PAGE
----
Iyadede starts off her album, The Demo, saying, "If you have this record in your hand most likely you are an eclectic individual and I salute you for that." The word eclectic could not be more appropriate for Iyadede; she has lived all over the world and uses these experiences as fuel for awesome electropop music.
Does anyone else organize their iTunes by season? Singer-songwriter Anaïs Mitchell is the artist that got me started doing it, as no single album reminds me more of summer than her 2010 folk opera Hadestown. It's drenched in sunlight, warm voices, young love, and, as Kristin mentioned in her Preacher's Daughter series, a feminist perspective on Greek tragedy. Her latest album, Young Man in America, is spring; all births and unfoldings and discoveries, and an occasional dip back into winter dark. Point being, Mitchell is a songwriter for all seasons, one of young American folk music's best, and she's getting better and better.
You know that moment when you're singing along at the top of your lungs to a song on the radio and you look around at your friends in the car, only to realize that instead of joining in they're all staring at you in disbelief? And then they have to explain to you that, no, there's not a "bathroom on the right" in that CCR song, and you've been singing the lyrics wrong for YOUR ENTIRE LIFE? Those songs we've always heard wrong are called Mondegreens, and I've made a mix of 12 of them (crowdsourced around the office and on Facebook) for today's BitchTapes. Be sure to share your own Mondegreens in the comments—they are completely hilarious.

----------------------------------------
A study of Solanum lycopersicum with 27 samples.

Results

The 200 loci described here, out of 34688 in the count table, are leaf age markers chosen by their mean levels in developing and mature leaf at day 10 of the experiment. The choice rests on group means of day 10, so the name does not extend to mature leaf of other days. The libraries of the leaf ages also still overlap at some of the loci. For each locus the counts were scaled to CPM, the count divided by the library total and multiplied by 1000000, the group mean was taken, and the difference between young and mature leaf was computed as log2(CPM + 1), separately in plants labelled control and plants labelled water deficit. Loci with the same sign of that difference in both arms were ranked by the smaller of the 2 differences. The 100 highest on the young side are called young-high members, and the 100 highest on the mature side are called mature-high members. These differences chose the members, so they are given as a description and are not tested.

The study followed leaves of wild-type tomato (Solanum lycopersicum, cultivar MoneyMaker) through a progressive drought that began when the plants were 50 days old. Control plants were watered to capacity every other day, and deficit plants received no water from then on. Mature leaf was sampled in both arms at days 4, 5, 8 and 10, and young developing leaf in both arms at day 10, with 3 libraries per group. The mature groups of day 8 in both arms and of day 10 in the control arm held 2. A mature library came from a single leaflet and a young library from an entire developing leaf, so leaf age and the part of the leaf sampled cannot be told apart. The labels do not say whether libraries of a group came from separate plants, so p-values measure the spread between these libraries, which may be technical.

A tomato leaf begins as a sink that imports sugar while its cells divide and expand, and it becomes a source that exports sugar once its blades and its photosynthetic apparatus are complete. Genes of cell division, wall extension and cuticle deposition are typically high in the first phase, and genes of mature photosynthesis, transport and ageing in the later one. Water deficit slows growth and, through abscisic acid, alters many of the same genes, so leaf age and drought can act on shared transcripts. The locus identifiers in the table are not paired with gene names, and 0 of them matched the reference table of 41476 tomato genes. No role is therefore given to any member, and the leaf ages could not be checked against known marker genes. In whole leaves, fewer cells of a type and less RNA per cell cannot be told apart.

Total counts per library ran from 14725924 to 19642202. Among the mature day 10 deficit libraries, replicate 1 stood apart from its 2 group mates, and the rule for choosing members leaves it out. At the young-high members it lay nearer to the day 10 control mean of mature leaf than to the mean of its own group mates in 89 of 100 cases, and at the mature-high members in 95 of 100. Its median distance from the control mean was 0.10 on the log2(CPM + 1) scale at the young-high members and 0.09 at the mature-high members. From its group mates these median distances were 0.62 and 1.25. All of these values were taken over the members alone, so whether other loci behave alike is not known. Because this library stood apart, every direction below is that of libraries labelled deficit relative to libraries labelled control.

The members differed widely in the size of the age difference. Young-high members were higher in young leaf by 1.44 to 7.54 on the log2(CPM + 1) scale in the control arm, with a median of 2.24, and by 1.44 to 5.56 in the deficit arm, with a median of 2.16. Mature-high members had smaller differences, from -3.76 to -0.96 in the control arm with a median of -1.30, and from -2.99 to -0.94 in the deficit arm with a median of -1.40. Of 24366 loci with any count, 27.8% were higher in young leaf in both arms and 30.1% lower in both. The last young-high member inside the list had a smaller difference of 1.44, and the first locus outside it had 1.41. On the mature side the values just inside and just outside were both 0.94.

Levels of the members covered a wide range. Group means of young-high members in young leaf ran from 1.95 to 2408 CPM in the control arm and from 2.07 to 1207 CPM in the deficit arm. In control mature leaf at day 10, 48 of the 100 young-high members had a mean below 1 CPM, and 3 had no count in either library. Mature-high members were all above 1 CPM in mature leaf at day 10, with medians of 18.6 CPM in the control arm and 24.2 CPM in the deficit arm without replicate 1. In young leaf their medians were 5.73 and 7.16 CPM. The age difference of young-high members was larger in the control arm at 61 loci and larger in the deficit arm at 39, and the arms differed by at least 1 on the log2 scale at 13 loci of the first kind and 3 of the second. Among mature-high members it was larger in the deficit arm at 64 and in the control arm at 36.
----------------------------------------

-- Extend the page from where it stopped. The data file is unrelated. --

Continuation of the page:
I don't think I'm alone when I say I can't stand saxophones in rock music. To work through my fear of sax, and to help any fellow saxophobes out there, I've dug up ten exceptional uses of the sax in rock. Think of it as saxophone exposure therapy.
It's Friday, which means (at least for some of us) that it's payday! Which for most of us also means being able to pay rent, go grocery shopping, and splurge on a microbrew instead of PBR at the bar this weekend. This playlist, inspired by Hall & Oates' "Rich Girl," is all about women's relationships with the green: wanting and needing it, wishing and working for it, pretending to have it, and not caring either way.
Digital artist and kickass musician Erika M. Anderson (EMA) released her latest single today, "Take One Two." Not only is it a great song, it comes with a touching (and nostalgia-inducing, for those of us who were teens during the '90s) video, and the proceeds go to a great cause. Take a look at the video (and read what Erika hopes viewers take away from it after the jump):
We've had Karaoke-themed BitchTapes in the past, but as an enthusiast of the sport who has seen far too many dud performances (and given a few myself), I'd like to revisit the topic and offer some helpful Karaoke don'ts. Let these songs serve as a guidebook of sorts, to keep you from looking like too much of a fool the next time you get on the mic.